ABRAMS, Wis. (WFRV) – Two maestros of mirth shape Abrams Spotlight Productions’ version of “The Foreigner” that’s running for four more performances in Nancy Byng Community Theater.
One is playwright Larry Shue. He created the quirky/fun comedy for Milwaukee Repertory Theatre in 1984. He also had the knack in “The Nerd,” his other hit with roots in Wisconsin.
Another maestro is Mike Eserkaln, artistic director of ComedyCity in De Pere, who wears an array of artistic hats on the comedy scene. This time, directs an especially keen cast in a production that had the audience rockin’ and rollin’ with laughter at Sunday’s matinee.
The premise of “The Foreigner” is ridiculous, but the situation soon comes down to this: Who cares? Not when a super-nervous guy is passed off as not knowing the English language so folks at a rural Georgia resort believe he’s a foreigner. Comedic mayhem is all over the place.
Adding interest, a situation rises from what Larry Shue wrote 38 years ago that reflects some current feelings in America that aren’t pretty. The bad guys are bigots.
Still, the main thread of the play is comedy, and company members have a gift for it.
One of the prize scenes is a meal in which the “foreigner,” Charlie Baker (Bobby Buffington), mirrors the moves of a supposedly slow fellow (Kael Pierquet) as they eat breakfast. This is silent simplicity – no words, all timing, done slowly. The supposedly slow fellow purposely adds goofy moves, including placing a drinking glass on his head. When the woman who runs the resort, Betty Meeks (Carolyn Silverberg), shows up to see Charlie holding a glass on the top of his head, she thinks Charlie is observing a cultural tradition in his homeland – wherever that may be because nobody knows because it’s a “secret.”
A running joke is Betty shouts at the “foreigner,” as if his understanding will come with volume.
The main joke turns around Charlie’s service buddy, S/Sgt. Froggy LeSueur (Will Knaapen), convincing others that Charlie cannot understand what they are saying, and they speak freely and say things he shouldn’t know.
Charlie learns much from the heart and soul of Catherine (Allison Schoel), including that she is pregnant by her fiancé, the slick Rev. David Marshall Lee (Tyler Otto), who Charlie learns is after her money.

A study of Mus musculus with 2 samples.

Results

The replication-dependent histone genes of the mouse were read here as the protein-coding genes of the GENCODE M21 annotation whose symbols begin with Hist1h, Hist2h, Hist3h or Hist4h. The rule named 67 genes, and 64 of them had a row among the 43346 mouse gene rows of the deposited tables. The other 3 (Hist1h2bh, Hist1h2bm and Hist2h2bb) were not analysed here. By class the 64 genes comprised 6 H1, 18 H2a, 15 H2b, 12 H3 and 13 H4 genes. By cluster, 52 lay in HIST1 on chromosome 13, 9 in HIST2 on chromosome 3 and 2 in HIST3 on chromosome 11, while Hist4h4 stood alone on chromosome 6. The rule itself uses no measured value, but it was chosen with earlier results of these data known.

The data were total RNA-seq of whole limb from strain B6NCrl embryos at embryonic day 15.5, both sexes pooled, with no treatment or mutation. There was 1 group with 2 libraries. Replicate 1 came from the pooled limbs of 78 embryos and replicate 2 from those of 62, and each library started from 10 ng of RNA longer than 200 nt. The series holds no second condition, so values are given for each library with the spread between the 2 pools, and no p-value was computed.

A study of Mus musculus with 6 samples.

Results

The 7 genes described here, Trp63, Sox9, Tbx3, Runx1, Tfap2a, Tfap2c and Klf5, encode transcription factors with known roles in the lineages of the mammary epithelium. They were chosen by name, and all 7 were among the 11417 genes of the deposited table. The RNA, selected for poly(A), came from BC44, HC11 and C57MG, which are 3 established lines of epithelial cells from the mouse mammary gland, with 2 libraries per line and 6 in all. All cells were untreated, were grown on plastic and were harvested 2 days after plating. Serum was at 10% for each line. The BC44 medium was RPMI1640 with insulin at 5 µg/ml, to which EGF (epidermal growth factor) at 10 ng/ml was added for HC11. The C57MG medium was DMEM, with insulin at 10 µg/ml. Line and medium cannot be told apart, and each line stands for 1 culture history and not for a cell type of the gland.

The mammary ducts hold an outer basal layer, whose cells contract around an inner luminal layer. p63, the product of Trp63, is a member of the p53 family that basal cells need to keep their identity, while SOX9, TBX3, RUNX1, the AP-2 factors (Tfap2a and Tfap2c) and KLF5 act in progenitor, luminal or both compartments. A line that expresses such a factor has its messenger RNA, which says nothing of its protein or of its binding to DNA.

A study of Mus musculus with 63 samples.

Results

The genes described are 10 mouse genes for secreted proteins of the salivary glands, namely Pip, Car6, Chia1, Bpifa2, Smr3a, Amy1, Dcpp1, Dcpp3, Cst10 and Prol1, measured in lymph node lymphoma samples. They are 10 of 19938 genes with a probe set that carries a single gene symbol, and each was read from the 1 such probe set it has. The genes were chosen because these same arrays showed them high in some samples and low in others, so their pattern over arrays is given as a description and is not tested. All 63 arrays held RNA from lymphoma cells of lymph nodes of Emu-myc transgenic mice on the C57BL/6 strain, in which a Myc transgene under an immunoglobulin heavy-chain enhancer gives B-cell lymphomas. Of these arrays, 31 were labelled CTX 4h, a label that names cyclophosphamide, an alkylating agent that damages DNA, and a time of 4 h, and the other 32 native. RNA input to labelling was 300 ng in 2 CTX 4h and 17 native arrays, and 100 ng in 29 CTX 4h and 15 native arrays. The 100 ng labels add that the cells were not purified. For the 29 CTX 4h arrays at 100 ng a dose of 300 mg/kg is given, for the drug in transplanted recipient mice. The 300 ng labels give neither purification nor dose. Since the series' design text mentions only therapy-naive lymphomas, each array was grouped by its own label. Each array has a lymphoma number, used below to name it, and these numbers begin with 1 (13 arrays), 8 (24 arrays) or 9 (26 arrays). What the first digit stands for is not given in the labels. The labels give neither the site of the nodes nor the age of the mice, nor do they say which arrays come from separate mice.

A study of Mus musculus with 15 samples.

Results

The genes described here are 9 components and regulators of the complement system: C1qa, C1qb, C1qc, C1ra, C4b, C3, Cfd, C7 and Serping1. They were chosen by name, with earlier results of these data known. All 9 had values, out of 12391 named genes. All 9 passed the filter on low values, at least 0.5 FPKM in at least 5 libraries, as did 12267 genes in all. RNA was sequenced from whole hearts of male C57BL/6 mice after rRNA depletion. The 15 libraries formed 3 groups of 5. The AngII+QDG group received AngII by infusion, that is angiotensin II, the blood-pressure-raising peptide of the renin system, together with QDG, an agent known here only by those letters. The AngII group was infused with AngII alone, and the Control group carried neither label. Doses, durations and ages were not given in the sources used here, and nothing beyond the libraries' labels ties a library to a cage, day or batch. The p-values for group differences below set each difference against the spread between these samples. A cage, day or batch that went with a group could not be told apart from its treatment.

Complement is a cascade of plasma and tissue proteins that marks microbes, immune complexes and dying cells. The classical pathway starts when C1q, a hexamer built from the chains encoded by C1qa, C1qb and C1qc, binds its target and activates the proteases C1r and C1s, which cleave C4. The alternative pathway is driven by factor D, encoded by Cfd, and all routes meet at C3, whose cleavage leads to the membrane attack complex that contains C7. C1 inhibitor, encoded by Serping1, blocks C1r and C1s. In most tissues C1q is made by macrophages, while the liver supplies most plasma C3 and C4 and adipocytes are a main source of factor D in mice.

A key comedic/prickly scene involves Owen Musser (Travis Rysewyk) scorching Charlie with big-time insults – and Charlie just sitting blankly. The monologue reveals that Owen’s ilk – including the coy Reverend – is planning to rid Georgia of “foreigners” and others who don’t fit their ideal.
The production is solid all around, including the look and atmosphere of the set and costumes and the lively crispness of the acting.
Bobby Buffington, Will Knaapen and Carolyn Silverberg make their characters “sing” with expressiveness. Allison Schoel, Tyler Otto, Travis Rysewyk and Kael Pierquet (age 15!) add individual pluses in the team success.
It’s the kind of performance – with knowhow woven into its fabric – that creates a positive buzz. It proves that Abrams is another place in the region where good theater can be found.
Running time: Two hours, 27 minutes
Remaining performances: 7 p.m. June 23-25; 1 p.m. June 26
Creative: Playwright – Larry Shue; director – Mike Eserkaln; assistant director – Maggie Dernehl; stage manager – Tanya Brehmer; set designer – Cyndee Sweetland; set construction coordinator – Bill Koehne; costume designer – Katie Jackson; lighting designer – Debra Jolly; sound engineer – Tanya Brehmer; props master – Allison Schoel
S/Sgt. Froggy LeSueur – Will Knaapen
Charlie Baker – Bobby Buffington
Betty Meeks – Carolyn Silverberg
Rev. David Marshall Lee – Tyler Otto
Catherine Simms – Allison Schoel
Owen Musser – Travis Rysewyk
Ellard Simms – Kael Pierquet
NEXT: “White Christmas” musical, Dec. 1-4, 8-11.
THE VENUE: The Nancy Byng Community Theater is located at 5852 Maple St. in Abrams. The 167-seat theater is the former St. Louis Catholic Church, built in 1927. Seating is in individual padded chairs. Roman arched windows from the former church are uncovered, revealing eight stained-glass windows. Wooden walls and the ceiling panels made of compressed cardboard are painted black. Wooden flooring includes the image of the classic comedy/drama theater masks in the center aisle. In the rear of the theater is a concession area that serves pop, popcorn, candy and light alcoholic beverages that may be consumed in the theater.
THE PERSON: Nancy Byng was involved in many facets of creativity, from painting to costume designing to directing to writing scripts. She co-founded the theater company on 2003 with her great-nephew, Brandon Byng, who continues his involvement in directing and acting in Clintonville and elsewhere. Nancy Byng died in 2011.